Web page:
Manufacturers succeed these days by competing on speed and agility rather than size. That shift has influenced the way they track and share data with their suppliers and customers, and plays directly into the strengths of doing business in the cloud. Cloud-based platforms and applications provide a greater degree of precision and speed than the old systems often built by the manufacturers themselves. Manufacturers with dozens of these legacy systems are finding that cloud computing platforms free them up from having to deal with the daunting task of creating and supporting enterprise software. No manufacturer today has the time or budget to be in the IT infrastructure or software business.
More manufacturers are also looking to the cloud to more easily make use of the data that’s beginning to pour in from proliferation of connected sensors embedded in their factories, inventories, raw materials and at all segments along the supply chain. That data is most valuable if it’s easily accessed and analyzed by various organizations within the enterprise or even by partners in the value chain, a form of open collaboration the cloud makes more possible than old software systems. According to a 2014 study by IDC, almost half of European manufacturers have adopted or will adopt enterprise resource planning software (ERP) running in the public cloud. In the Asia-Pacific region, 49% of manufacturing respondents are using cloud – public or private – or intend to use cloud, based on the 2014 IDC Manufacturing Insights Asia/Pacific Business and IT Priorities Survey.
Cloud computing is emerging as a catalyst of global manufacturing growth across the entire industry. The typical manufacturer relies on outside suppliers for 70% or more of the assemblies, components and parts used in their products, making supplier collaboration essential for growth. Scaling global manufacturing operations to support increasingly complex, intricate and often compliance-driven supply chains is a leading catalyst driving cloud computing adoption throughout manufacturing today. One aerospace and defense manufacturer estimates that every new jet will require a minimum of 70% sourced parts, assemblies and subassemblies from outside the manufacturer, making supplier orchestration and quality critical to the success of their new aircraft.
For manufacturers competing in highly regulated industries that also have tight time-to-market requirements, cloud computing is emerging as a means to trim the time taken from months to days on strategic sourcing, supplier qualification, supplier quality audits and during production, supply chain planning, management and optimization. Cloud computing platforms are also making it possible for manufacturers to design entirely new supply chain networks that span vast geographies, sourcing the best possible assemblies, components and parts from anywhere in the world.
Scaling manufacturing intelligence globally is achievable with cloud platforms at a lower cost and with greater accuracy than legacy systems. Knowing the performance of manufacturing processes, programs and product lines in real-time can make the difference between catching product quality errors before they ever leave the factory. Cloud-based manufacturing systems that capture manufacturing data are delivering this level of insight and intelligence and more. A disk storage systems manufacturer is relying on cloud-based integration hubs to ensure pricing, procurement, production scheduling and delivery are all orchestrated across legacy and recently implemented cloud systems. Many cloud platforms are specifically built to provide for greater analytics and reporting accuracy, with the long-term goal of being a potential system of record for an entire manufacturing operation.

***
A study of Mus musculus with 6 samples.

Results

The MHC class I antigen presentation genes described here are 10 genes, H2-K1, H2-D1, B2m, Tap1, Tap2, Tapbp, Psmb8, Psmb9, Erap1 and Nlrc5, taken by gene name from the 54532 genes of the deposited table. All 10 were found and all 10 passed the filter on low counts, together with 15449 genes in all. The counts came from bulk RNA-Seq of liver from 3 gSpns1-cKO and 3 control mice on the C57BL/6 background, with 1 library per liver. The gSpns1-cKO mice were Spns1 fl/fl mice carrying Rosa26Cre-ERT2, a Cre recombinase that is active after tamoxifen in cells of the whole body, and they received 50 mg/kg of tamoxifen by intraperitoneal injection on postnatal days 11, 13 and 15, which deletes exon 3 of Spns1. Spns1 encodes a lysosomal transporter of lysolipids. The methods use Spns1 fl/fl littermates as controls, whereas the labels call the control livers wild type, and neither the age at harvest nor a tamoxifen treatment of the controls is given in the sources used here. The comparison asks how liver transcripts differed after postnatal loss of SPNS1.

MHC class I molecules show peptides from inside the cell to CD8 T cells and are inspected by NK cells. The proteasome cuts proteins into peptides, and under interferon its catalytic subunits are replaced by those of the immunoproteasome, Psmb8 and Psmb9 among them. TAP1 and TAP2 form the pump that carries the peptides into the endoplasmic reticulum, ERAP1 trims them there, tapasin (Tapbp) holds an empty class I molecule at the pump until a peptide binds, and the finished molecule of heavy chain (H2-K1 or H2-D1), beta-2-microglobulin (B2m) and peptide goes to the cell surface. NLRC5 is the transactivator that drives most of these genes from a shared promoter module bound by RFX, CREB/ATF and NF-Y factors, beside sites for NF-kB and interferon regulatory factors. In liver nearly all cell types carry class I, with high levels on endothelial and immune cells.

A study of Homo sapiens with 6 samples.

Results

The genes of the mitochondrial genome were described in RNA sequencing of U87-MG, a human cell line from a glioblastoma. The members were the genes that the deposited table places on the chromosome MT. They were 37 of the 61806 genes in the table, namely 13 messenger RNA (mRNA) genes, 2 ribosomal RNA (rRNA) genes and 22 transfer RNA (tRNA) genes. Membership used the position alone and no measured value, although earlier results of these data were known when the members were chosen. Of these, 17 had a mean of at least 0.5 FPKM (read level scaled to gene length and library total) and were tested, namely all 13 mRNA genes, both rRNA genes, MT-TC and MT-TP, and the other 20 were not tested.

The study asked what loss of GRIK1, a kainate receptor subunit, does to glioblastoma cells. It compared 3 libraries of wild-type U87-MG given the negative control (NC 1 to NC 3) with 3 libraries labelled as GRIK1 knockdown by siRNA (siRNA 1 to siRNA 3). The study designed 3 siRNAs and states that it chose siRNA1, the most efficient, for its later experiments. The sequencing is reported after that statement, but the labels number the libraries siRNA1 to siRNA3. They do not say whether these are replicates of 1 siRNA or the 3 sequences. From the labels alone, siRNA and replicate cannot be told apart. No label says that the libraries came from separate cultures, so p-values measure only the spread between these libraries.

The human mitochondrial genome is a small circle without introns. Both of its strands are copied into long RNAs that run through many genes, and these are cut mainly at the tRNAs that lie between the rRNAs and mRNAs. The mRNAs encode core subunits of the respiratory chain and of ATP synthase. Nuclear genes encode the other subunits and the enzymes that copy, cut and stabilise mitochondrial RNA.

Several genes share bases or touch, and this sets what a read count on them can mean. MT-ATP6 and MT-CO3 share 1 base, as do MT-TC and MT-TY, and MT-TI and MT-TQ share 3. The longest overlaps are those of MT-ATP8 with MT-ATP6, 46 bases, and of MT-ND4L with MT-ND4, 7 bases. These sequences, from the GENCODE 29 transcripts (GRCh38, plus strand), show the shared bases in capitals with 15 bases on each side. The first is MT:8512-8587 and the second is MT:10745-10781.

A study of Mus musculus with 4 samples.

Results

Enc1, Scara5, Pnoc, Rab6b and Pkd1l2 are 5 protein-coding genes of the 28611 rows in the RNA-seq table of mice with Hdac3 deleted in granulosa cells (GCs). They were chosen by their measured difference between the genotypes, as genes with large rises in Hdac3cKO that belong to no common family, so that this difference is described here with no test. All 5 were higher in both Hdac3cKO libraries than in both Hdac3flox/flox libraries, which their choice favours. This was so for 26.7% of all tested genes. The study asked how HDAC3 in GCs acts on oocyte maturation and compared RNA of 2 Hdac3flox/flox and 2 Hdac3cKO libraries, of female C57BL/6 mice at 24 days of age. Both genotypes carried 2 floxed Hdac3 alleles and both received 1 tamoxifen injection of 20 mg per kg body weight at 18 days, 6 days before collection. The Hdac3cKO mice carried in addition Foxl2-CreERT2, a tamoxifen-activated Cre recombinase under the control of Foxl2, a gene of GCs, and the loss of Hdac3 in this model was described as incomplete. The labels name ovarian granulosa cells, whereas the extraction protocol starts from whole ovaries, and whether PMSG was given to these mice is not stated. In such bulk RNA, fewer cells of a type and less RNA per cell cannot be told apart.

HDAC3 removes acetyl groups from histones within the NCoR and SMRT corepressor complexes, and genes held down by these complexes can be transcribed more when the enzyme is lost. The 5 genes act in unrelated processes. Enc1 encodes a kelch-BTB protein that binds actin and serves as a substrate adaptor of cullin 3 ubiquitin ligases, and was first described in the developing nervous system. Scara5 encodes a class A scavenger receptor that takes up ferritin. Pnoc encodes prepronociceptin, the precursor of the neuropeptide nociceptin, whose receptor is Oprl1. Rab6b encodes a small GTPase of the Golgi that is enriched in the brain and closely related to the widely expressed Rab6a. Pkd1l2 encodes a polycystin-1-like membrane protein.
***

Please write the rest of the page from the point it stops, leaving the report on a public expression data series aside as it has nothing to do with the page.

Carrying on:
Two-tier ERP system strategies are becoming commonplace globally, further accelerating production efficiency. Enterprise Resource Planning (ERP) systems often anchor the centralized production operations of companies who for decades have competed using mass production strategies. Customers, not production efficiency alone, are defining the future of this industry. As a result, legacy ERP systems often need to be extended to support products and customers. Cloud computing is making it possible for the most relevant data from legacy ERP systems to be used to define entirely new analytics, key performance indicators (KPIs) and metrics so they can profitably expand in new markets.
Legacy ERP systems weren’t designed for complex compliance reporting requirements, yet cloud platforms are enabling global governance across manufacturing centers today. All manufacturers are facing exponentially greater compliance and regulations than they ever have before. ERP systems designed and implemented decades ago don’t have the specific features needed to keep manufacturers in compliance today. Cloud platforms and applications purpose-built for manufacturing are providing strategic views of quality for the first time for many manufacturers. Bottom line: Moving beyond mass production and into entirely new business models, manufacturers today are adopting cloud computing platforms and applications to focus all their operations around the customer.
This article was written by Louis Columbus from Forbes and was legally licensed through the NewsCred publisher network.